Droning on about investment



Photo by Emiliano Arano from Pexels

Photo by Emiliano Arano from Pexels

For a glimpse into the not-to-distant future of the eVTOL market, people are casting their eyes to its slightly older brother, the drone market.

This week, we have seen two key investments, one into the commercial drone market and one into an emerging unmanned traffic-management start up.

Norwegian drone tech firm UBIQ Aerospace received an undisclosed investment from former 20th Century Fox CEO James Murdoch. The investment was made through the Murdoch-owned Lupa Systems.

Mr Murdoch recently left Sky after Fox sold all of its assets to Disney for $71 billion. The first thing the youngest Murdoch son did was invest in the Norwegian drone tech company.

UTM software company Unifly NV has completed its €17m Series B funding round. The company’s most-recent investor is Belgium’s Federal Holding and Investment Company (FPIM). The public-sector company manages the Belgian government’s shareholdings and invests in companies that will benefit the Belgian economy.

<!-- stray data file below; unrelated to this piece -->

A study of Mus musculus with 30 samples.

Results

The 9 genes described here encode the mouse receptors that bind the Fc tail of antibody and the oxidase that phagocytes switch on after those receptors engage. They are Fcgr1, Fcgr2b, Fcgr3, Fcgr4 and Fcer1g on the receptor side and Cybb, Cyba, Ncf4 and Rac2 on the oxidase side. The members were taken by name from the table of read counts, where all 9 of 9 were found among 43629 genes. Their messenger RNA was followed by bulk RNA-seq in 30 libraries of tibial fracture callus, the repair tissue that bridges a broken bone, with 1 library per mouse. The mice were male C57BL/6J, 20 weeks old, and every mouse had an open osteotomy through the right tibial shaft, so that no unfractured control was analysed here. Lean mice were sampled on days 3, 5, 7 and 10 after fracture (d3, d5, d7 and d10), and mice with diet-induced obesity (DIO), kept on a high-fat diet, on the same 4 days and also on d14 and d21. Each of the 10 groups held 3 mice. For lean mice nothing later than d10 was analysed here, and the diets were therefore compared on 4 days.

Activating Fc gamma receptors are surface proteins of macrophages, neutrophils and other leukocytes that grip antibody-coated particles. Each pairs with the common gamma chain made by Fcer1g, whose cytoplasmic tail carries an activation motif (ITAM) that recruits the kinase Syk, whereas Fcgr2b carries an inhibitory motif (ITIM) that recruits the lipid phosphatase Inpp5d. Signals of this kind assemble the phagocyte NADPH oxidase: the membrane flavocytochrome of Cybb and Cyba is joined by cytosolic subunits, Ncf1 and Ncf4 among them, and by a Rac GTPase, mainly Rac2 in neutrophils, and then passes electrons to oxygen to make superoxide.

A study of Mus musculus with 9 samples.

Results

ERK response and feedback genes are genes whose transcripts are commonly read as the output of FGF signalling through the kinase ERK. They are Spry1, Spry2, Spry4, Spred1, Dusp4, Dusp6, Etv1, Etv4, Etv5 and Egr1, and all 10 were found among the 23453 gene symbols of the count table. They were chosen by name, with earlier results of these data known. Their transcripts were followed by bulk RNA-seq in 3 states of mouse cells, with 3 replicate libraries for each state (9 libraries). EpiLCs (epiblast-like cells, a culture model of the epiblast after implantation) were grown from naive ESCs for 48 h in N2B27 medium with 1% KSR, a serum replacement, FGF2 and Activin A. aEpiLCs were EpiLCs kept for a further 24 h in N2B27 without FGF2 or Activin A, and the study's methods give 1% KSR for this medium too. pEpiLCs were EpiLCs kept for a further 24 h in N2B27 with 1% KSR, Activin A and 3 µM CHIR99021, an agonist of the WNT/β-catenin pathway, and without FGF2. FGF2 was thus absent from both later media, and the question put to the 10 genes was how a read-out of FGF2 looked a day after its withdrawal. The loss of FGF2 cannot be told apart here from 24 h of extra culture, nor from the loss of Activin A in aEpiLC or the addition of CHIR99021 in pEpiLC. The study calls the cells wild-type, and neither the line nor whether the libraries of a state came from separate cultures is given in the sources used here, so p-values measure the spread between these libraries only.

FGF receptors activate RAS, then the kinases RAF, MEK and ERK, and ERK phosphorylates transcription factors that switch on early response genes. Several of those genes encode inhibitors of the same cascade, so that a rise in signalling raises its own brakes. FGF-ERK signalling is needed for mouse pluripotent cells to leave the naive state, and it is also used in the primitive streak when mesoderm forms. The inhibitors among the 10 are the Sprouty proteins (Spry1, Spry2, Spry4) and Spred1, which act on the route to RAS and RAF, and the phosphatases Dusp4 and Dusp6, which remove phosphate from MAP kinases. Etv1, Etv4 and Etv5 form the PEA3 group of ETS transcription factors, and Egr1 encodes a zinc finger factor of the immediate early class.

Unifly’s existing investors — Terra Drone, QBIC Fund and early stage Belgian investor PMV — also participated in the funding round.

Europe is fast becoming a hotbed for urban air mobility. This week, it reinforced its commitment to getting aircraft flying over cities by launching the first special condition certification for VTOLs.

On Tuesday, EASA announced that it has published the final Special Condition framework for manufacturers developing person-carrying VTOLs. This is the culmination of the public consultation EASA first opened in October last year, calling for information to help shape the framework.

Patrick Ky, EASA’s executive director, said: “We are actively engaging with the industry to develop the right technical requirements to take benefit of the new technologies bringing safety and environmental benefits to the community.

“The establishment of a common set of conditions for the certification of these new concepts of vehicles will enable a fair competition on the European market as well as clarity for future manufacturers and their investors.”

Both EASA and the FAA are determined to learn from their failure to keep up and work closely with the drone market, which has led to a whole new class of aircraft entering the airspace that are now retroactively being regulated. Regulators do not want to make the same mistake twice.